New Zealand's Great for Tramps
Trip Start May 30, 2005
129Trip End Sep 30, 2006
The walk was great, passing through a large forest, over streams using bouncy bridges made of wire and wood and killer views all around
In the evening I met a couple of Kiwis in the kitchen, we got chatting then I noticed that they had brought a miniture chess set with them, how could I resist? Sadly for New Zealand they suffered the second largest defeat of any country so far, after Russia, we played five wildly open games, and they lost the lot of them. The chess board was packed away after this and the cards were brought out instead!
In the morning I got my first view of the Kea, a beautiful green parrot with long sharp beak. They are the world's only Alpine Parrot. They are famous for being destructive to any possesions that they can get their beaks into, but to be fair they're just exploring the world around them. The Keas that I saw appeared to be particularly interested in the sewerage tank below the huts, I just hope that for everyone's sake, including the Kea, they made the tanks Kea-proof. I didn't take any photos of them here confident that as I passed through a col today that I'd be inundated by them, how wrong I was!
On this day I climbed up above the tree line, and the views were just amazing
I took a little side trip up Conical Hill, a high point just off Harris Saddle. To get to the top I had to pass through the snow line. Although it felt like there wasn't anyone else around, the footprints in the snow told another story. There were a few people up here and it was one of those days that you dream about when hill walking. The weather was superb and the sun was shining. I ended up staying there for a couple of hours, talking to whoever came past and to Dave the Amerian that I'd met. We were quite reluctant to leave in the end, but all good things must come to an end.
I walked along with Dave for a while, he told me that a Kea had stolen his hat a couple of days previously. He'd got the the top of a hill, took it off and put it beside him. A Kea snuck up behind him, grabbed the hat and jumped to safety, they sat there looking at each other for a second before the Kea took flight and off with the hat, never to be seen again. Dave was walking too fast for my liking, I wasn't getting long enough to take in the views that I wanted so I told him to go on ahead without me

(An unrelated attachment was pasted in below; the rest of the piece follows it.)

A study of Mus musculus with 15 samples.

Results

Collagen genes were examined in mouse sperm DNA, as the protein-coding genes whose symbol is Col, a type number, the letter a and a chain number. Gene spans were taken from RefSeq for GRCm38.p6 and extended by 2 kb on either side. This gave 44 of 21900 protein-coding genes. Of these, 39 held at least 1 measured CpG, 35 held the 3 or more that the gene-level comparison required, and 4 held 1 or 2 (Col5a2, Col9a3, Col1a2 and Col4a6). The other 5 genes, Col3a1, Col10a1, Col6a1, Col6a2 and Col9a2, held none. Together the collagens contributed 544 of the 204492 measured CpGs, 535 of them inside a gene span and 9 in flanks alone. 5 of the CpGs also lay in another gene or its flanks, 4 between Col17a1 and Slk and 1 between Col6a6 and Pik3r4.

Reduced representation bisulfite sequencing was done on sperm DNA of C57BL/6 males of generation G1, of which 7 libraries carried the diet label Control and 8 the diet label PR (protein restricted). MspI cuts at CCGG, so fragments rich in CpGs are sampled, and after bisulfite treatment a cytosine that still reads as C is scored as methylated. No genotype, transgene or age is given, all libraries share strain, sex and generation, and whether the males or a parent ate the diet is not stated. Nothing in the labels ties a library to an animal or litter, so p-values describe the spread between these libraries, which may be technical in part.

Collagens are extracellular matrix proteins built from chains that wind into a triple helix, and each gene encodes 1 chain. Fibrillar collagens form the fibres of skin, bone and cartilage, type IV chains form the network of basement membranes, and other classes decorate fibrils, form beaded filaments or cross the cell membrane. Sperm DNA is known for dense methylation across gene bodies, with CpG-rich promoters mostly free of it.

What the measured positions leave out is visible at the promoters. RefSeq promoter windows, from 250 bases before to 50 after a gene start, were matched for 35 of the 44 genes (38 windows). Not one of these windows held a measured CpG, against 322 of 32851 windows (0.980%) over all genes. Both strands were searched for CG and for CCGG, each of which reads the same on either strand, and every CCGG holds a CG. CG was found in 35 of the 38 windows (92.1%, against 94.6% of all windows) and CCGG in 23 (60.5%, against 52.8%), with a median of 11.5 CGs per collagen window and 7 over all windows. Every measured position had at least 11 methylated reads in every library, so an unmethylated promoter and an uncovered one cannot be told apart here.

At the end of the day's walk I crossed over a ridge and saw Lake Mackenzie down below. Home for the night! It looked amazing from my vantage point. It took a while to clamber down to Hut Mackenzie situated by the Lake, but it was really worth it. Perhaps one of the nicest places in the countryside that I've spent a night. It was only marginally ruined by the large number of sandflies that continually bit you, really annoying bugs.
The last day was as marvellous as the first two, pretty much all the same kind of fair. I did arrive at the bus stop in time for my bus to Milford Sound to find an American guy there that'd been waiting for 4 hours - his 'Kiwi Experiance' bus didn't show up and he was kind of stuck. While I waited my first proper Kea came along. I managed to snap him and watch him as he strutted around looking for something to do. I could tell that he felt mischeveous. Sure enough, just as I started taking a movie shot he had a go for the American's sandles, but he wasn't letting him have them for free!
My bus turned up, a little late but I was happy it came. I jumped on and headed for Milford Sound.